On the House: Why You Should Consider Buying a Home Before Mortgage Rates Fall

by Garcia Chris
5 minutes read
On the House: Why You Should Consider Buying a Home Before Mortgage Rates Fall

Q: Should I wait for mortgage rates to fall before I start looking for a home?

There are likely millions of aspiring homebuyers diligently biding their time until mortgage interest rates fall into the low 6%—or even 5%—range before they jump into the housing market.

However, doing so might wind up costing you more than if you’d bought when rates are higher. Waiting might even make it more difficult for you to find a home that meets your needs—and then beat out the competition to emerge with the winning bid.

On the surface, waiting for rates to fall might seem like a sound financial plan.

If rates fell from 7% to 6%, buyers would save just over $221 a month on the mortgage payment of a median-priced home. (This assumes a 20% down payment on a $420,000 home and financing through a 30-year fixed-rate mortgage.) If rates dropped to 5%, they would save more than $430 a month.

However, if you’re considering entering, or reentering, the market once rates go down, you won’t be alone. Each time mortgage rates fall a half-point or a point, more buyers will be able to qualify for mortgages and larger loans. That’s going to lead to a whole lot more buyers competing for a limited number of homes for sale.


We expect to see this play out again, provided the economy remains strong and there aren’t any unexpected catastrophes.

While lower rates could encourage more homeowners to list their homes, those properties are likely to be swarmed by buyers. Ironically, lower mortgage rates could worsen the housing shortage, especially if demand exceeds supply.

Whatever is listed—provided it’s in good condition, in an area where buyers want to be, and is priced well—could sell very quickly, like what happened during the COVID-19 pandemic when some homes sold in just a few days.

These are things that determined first-time buyers should consider. Rates have already fallen to an average 6.61% in the week ending Dec. 28, according to Freddie Mac. The Realtor.com® economic research team anticipates rates will drop even more to about 6.5% by this time next year. That is likely to entice many would-be buyers off of the sidelines.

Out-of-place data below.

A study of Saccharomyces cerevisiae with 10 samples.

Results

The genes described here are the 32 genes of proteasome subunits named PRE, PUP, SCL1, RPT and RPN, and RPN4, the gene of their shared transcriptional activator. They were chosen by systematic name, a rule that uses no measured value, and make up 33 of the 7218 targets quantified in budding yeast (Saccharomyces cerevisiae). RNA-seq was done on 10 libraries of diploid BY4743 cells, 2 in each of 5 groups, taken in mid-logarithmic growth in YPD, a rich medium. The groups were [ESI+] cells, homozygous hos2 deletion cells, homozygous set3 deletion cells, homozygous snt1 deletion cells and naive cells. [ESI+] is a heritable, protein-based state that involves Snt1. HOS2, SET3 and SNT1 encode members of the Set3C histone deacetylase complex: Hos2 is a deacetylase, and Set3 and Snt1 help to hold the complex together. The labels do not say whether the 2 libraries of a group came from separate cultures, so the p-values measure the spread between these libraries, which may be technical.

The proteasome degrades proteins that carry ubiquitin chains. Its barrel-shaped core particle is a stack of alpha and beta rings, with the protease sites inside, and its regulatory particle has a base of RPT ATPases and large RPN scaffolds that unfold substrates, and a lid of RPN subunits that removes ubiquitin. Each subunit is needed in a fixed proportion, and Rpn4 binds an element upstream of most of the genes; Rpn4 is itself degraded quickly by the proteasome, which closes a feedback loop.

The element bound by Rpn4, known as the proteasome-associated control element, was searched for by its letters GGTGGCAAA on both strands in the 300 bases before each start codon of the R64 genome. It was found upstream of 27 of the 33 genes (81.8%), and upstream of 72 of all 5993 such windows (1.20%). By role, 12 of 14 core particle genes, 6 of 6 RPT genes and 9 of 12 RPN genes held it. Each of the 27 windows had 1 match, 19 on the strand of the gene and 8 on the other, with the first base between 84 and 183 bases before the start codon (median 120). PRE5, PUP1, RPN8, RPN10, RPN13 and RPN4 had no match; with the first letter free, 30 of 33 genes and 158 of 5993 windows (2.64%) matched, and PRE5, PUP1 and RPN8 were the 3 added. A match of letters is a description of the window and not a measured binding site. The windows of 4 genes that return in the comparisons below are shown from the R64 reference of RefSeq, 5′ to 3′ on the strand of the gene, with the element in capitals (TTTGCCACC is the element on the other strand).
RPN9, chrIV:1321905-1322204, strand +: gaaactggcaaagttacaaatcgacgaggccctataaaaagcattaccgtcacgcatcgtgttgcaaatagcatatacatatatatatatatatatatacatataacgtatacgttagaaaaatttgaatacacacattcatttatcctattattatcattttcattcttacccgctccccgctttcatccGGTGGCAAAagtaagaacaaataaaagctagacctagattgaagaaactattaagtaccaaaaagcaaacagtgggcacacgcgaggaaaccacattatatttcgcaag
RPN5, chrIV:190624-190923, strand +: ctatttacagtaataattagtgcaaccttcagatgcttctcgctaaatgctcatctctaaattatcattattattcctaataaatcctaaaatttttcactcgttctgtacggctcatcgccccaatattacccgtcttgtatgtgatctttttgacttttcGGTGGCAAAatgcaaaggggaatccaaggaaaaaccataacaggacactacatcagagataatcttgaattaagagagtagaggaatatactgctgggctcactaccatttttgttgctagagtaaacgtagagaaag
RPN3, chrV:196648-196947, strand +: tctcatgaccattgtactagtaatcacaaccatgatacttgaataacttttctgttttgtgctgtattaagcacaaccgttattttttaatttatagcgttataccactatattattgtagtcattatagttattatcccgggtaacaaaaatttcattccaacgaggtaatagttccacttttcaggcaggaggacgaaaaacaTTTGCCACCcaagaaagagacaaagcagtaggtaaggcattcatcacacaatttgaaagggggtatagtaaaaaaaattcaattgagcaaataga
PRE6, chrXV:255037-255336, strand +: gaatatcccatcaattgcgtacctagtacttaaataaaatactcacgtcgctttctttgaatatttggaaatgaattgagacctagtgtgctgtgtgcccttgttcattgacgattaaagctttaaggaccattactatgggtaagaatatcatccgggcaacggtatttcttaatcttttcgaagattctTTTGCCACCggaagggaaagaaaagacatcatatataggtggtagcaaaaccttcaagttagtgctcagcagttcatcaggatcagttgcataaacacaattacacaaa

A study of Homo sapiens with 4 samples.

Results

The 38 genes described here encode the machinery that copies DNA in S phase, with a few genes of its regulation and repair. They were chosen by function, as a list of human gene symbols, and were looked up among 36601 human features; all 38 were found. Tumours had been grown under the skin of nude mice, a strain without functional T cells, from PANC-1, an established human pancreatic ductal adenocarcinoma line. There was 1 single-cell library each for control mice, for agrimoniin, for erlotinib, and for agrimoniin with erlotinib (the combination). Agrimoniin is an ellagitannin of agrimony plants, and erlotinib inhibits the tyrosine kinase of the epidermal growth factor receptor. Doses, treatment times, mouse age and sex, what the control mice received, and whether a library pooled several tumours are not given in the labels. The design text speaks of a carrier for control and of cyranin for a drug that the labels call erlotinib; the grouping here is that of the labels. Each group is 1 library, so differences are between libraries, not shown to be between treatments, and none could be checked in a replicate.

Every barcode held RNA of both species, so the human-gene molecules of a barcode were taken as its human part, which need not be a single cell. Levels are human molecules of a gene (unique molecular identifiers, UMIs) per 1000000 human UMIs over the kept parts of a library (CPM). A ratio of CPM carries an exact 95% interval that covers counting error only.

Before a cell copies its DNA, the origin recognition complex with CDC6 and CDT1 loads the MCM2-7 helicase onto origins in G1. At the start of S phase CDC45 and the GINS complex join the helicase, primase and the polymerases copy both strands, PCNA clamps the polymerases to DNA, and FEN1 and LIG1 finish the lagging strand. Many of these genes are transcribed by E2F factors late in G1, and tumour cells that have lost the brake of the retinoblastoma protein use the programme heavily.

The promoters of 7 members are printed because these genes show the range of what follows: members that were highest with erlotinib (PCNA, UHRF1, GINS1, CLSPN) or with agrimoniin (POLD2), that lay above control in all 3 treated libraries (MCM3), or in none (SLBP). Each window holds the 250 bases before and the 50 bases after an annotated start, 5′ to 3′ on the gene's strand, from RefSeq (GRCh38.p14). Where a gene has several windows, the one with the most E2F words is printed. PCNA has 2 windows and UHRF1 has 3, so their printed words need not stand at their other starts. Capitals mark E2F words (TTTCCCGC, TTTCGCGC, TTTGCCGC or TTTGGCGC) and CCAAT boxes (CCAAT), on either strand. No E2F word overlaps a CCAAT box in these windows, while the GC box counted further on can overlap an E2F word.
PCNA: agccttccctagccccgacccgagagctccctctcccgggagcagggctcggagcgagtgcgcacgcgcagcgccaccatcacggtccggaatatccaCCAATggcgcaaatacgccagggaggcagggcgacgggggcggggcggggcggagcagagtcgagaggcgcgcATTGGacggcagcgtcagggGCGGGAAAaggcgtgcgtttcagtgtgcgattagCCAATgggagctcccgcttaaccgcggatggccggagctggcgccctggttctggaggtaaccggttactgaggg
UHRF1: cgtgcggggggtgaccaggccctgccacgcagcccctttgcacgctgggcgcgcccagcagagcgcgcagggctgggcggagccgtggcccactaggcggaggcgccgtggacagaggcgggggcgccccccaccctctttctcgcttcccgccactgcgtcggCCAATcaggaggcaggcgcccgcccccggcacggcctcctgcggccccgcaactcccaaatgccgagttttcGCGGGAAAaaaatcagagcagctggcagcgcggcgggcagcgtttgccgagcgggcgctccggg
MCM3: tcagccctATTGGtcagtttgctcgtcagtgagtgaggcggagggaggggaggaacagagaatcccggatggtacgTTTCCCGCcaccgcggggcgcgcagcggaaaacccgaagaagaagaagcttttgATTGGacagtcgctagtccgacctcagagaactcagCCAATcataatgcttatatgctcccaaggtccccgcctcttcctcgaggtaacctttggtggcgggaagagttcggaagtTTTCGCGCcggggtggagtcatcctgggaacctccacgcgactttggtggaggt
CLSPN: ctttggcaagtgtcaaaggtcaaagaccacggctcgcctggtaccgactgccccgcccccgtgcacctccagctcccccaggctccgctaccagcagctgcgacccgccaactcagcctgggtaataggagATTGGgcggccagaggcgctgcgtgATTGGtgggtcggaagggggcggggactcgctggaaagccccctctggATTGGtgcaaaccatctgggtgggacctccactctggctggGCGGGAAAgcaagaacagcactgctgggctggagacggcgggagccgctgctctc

Now, I’m not encouraging anyone who can’t comfortably afford the monthly payments at today’s rates to buy a home. I’m not a proponent of stretching financially to purchase a home you can barely afford. Homeownership is so much more expensive than most first-time buyers imagine. Expensive emergencies can strike at any moment—and will—and when they do, you’ll want to make sure you have enough in the bank to cover whatever might arise.

Instead, I would advise those who can’t afford a home just yet to continue saving and explore ways to increase your income, look into house hacking, and consider smaller homes and those located in cheaper areas.

For those who can afford today’s mortgage rates, it might be a good time to see what’s on the market. The very end and very beginning of the year have traditionally been slower, with less competition from other buyers. And while there’s often not as many homes for sale, motivated sellers might be more willing to negotiate if they don’t have multiple offers.

If you purchase today and rates go down a point or two, you can consider refinancing your mortgage. The process often costs a few thousand dollars, but it can save homeowners much more depending on how much rates have fallen.

Even if you wait until rates come down, getting prepared to become a homeowner now can give you an edge when the market heats up.

Try to save up what you can for a down payment, clean up your credit score so lenders will look more favorably on your application, and pay off debt so you can qualify for a larger loan.

You can also start touring homes and exploring neighborhoods. Check how much the homes you liked sold for and if they went for more than the asking price and how quickly they went under contract. This way you’ll have a better idea of what you’re looking for in a home, how much you should expect to spend, and the communities in which you would like to live.

When the time comes to make an offer on a home, you will be ready.